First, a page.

But what if there were ways to nibble away at that total, maybe even significantly?

The Family Research Council has outlined a strategy for President Trump to defund Planned Parenthood.

FRC explained the massive spending bill includes many things conservatives don’t like because of the Senate rule that requires 60 votes to end debate on such legislation and move to an up-or-down vote.

“The refrains on social media are all the same: Republicans control the Hill and the White House. Why aren’t they defunding Planned Parenthood? By now, the entire country has seen the ghoulish videos; they’ve heard the criminal evidence; they know these centers are destroying an innocent life every 98 seconds. They’re right to be upset,” FRC said.

“But we also need to remember the limits of the process. If pro-lifers want to do what a 51-member majority in the Senate can’t, it’s time to start thinking creatively.”

FRC explained the abortionists take tax money from two pools, the discretionary Title X family planning and the mandatory Medicare/Medicaid system.

“It breaks down this way: Planned Parenthood gets about $80 million of the $286 million in Title X, but more than $400 million in reimbursements from mandatory programs like Medicaid,” the report said.

However, in both, there “are areas that conservatives can attack – with or without Congress.”

Obviously, Congress could pass a spending bill to defund Planned Parenthood, as the House did last year, only to watch it fall short of the 60 votes it needed in the Senate.

“Or they could tackle the funding for Planned Parenthood in mandatory programs through budget reconciliation, which only requires 51 votes. The Republican majority succeeded in defunding Planned Parenthood on its 2015 health care repeal, but President Obama vetoed it. Last August, they tried again – only to fall short in the Senate,” FRC said.

Then there are the regulations.

“That’s where HHS comes in. If you want to know how powerful the agency is in directing government funds, think back to Obama. With a simple HHS regulation, he stopped all 50 states from defunding abortion providers under Title X. Fortunately, Congress overturned that rule last year, and more states are moving to cut ties with Richards’s group than ever,” FRC explained.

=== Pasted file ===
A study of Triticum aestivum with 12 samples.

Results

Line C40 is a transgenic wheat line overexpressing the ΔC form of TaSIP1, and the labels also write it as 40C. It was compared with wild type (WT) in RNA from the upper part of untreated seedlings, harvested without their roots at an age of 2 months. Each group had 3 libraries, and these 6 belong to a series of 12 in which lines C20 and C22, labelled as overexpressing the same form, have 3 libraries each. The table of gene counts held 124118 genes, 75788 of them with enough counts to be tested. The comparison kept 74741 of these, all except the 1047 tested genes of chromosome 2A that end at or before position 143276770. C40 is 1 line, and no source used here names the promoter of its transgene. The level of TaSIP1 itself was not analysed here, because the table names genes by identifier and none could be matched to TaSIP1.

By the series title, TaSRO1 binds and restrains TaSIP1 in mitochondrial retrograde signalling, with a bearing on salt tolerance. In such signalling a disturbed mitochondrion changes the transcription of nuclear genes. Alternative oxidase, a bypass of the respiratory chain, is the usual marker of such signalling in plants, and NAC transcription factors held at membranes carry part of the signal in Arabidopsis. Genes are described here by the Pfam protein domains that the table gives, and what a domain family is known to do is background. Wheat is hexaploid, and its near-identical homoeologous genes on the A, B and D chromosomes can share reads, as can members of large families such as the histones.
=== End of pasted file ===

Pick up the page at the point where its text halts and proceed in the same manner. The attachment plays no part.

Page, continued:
An “enterprising” presidential candidate also could have a big impact.

“Back in 1988, Ronald Reagan’s HHS announced an expanded interpretation of abortion funding prohibition regarding Title X funds, determining that no organization which encouraged or promoted abortion would receive federal funds. The left denounced this approach as a ‘gag rule’ and a potential First Amendment violation. This led to the case, several years later, of Rust v. Sullivan before the Supreme Court – which ultimately vindicated Reagan’s rule,” FRC said.

The policy was thrown out by Clinton.

However, at the moment, no organization “is allowed to use the government’s family planning dollars for abortion.”

“Planned Parenthood gets around that law … by drawing an ‘artificial line’ between its abortion clinics and its other family planning services – ‘even when those are located in the same facility, and essentially funded jointly,'” the group said.

“If President Trump reinstated Reagan’s ‘co-location’ rule, Planned Parenthood could still get Title X funds, but they wouldn’t be able to offer those services in the same clinics where they perform abortions. They’d have to split up their offices – probably at great expense. Ultimately, Planned Parenthood would be forced to choose between dropping their abortion services from any location that gets Title X dollars or moving those abortion operations offsite. Either way, it puts a major dent in the group’s bottom line.”

Since the Supreme Court already has approved that maneuver, a president “could lawfully adopt the same approach to determining how these funds are distributed – and in one act dramatically undercut Planned Parenthood,” FRC said.